Every New York Week Fashion Week show should be like Jenny Packham’s for Spring/Summer 2018. There was no runway, no show starting half an hour late, no crush, no insanely loud music, no seating anxiety, no phones and big heads obscuring your view of the clothes—in fact it had none of the madness that generally thrums around a fashion show.
Indeed, at Packham’s presentation the experience was quite the opposite: one had a meaningful and thoughtful engagement with clothes. It was, in its quiet way, the best show of the week.
Packham, a favorite of red carpet-conquering celebrities, chose to present her collection at her showroom in the Meatpacking District. The beautiful beaded and sequined dresses were on racks, and then, in a changing room behind a curtain, models would periodically disappear and then emerge wearing one of the creations.
It is not unusual to have a presentation, rather than a conventional runway show, but Packham and her team had crafted an even more intimate experience than that. It paid enlightening dividends.
Here, you talked to Packham, you talked to the models, you looked at all the clothes. It was like your own personal fashion show, and even more pleasurable because Packham is such an intelligent and eloquent designer.
She spoke to the Daily Beast of this new collection, inspired by the theme, “Asian Garden,” and beginning with a dress, decorated with images of swans, pagodas, and trees, that was inspired by a kimono she had found in New York.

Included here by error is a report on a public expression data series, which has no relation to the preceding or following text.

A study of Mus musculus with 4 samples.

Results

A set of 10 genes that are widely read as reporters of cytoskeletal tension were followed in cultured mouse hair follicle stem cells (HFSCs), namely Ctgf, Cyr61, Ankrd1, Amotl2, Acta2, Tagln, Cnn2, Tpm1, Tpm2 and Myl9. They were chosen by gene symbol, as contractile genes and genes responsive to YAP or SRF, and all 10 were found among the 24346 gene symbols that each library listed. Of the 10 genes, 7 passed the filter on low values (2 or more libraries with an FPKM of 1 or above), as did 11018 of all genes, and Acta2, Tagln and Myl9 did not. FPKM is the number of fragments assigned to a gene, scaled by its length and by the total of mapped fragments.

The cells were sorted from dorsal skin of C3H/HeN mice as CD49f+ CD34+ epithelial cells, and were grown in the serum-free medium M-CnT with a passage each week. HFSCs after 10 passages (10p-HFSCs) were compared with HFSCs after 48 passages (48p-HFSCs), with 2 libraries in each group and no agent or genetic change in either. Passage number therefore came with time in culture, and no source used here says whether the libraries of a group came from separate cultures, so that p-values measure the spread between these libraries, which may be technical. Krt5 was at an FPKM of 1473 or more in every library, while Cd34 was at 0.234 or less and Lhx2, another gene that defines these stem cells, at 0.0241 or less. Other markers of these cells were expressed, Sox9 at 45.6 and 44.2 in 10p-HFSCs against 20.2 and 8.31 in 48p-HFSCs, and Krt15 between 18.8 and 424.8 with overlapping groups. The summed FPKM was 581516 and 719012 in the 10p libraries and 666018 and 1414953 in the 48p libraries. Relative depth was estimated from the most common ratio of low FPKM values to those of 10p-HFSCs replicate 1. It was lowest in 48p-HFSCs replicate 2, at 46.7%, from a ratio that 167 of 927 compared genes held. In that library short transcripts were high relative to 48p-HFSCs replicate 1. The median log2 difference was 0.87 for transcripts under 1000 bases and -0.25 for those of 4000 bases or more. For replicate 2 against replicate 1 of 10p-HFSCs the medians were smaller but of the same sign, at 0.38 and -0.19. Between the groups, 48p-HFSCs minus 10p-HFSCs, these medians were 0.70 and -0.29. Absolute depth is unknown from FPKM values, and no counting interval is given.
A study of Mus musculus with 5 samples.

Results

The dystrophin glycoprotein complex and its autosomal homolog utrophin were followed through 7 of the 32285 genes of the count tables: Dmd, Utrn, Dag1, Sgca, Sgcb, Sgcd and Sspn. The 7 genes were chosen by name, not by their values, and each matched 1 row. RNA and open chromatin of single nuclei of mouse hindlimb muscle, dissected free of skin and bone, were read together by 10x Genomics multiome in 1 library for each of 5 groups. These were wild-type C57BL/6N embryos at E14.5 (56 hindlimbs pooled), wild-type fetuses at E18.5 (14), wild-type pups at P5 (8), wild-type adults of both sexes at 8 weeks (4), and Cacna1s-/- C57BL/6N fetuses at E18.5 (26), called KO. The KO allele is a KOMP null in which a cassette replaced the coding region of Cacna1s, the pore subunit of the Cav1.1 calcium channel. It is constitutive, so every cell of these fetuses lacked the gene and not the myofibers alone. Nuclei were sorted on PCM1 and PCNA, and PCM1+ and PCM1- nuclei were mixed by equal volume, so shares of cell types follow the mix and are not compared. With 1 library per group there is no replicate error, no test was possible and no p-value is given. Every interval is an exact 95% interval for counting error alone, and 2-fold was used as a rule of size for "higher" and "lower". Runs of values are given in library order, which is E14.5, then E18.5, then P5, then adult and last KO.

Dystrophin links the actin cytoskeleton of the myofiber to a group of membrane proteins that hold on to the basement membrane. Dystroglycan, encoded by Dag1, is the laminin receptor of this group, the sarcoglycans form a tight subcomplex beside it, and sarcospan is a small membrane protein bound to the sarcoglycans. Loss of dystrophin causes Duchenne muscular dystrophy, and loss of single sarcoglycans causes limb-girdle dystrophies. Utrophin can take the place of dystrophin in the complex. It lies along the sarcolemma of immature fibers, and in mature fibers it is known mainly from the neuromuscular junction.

Around it were the bejeweled, and bead and sequin-encrusted gowns she is most famous for, and for whom her famous customers—Kate Middleton, Adele, and Kate Winslet among them—keep returning to her for.
Designing for the red carpet—and expect some Packham beauties on the Emmys red carpet this weekend—can be nerve-wracking, as can be designing wedding dresses. Both are events at which the wearer is on maximum public display, after all.
Packham explained that when it came to awards ceremonies, although a designer is working with a celebrity and stylists, if a dress is slammed by critics, it naturally hurts, not to mention the concern over the effects of a negative review can have.
On the other hand, Packham told the Daily Beast, “You have to be able to take on criticism,” if you look at a dress afterwards, and feel that it is merited.
In the new collection, a pair of bell bottom trousers and tunic came covered in stars and sequins, another short dress was a riot of dark red, white and navy sequins. The stars and sequins returned in a longer gown, most dramatic with navy as a base color. The sequins even recurred on a royal blue short-sleeved, tapered jumpsuit
A Funfetti-like explosion of pink, yellow, blue, and lime sequins furnished another long gown. There were some surprises too, like a white and gold bomber jacket and two beautiful dresses in mint and pink, with a brushstroke design inspired by the artist Lee Ufan. Another dramatic black and white dress is inspired by the artist Katsushika Hokusai’s ‘The Great Wave.’
As models paraded the designs—including a dramatic black dress with beaded design and chiffon underlay—and a navy blue gown, sequined and slashed to the thigh—you knew, of course, you would be seeing these dresses again pretty soon on a celebrity, flashbulbs popping, on a red carpet.
It made all the difference seeing the dresses, inspecting them and talking about their craft so intimately. Other Fashion Week-showing designers, take note.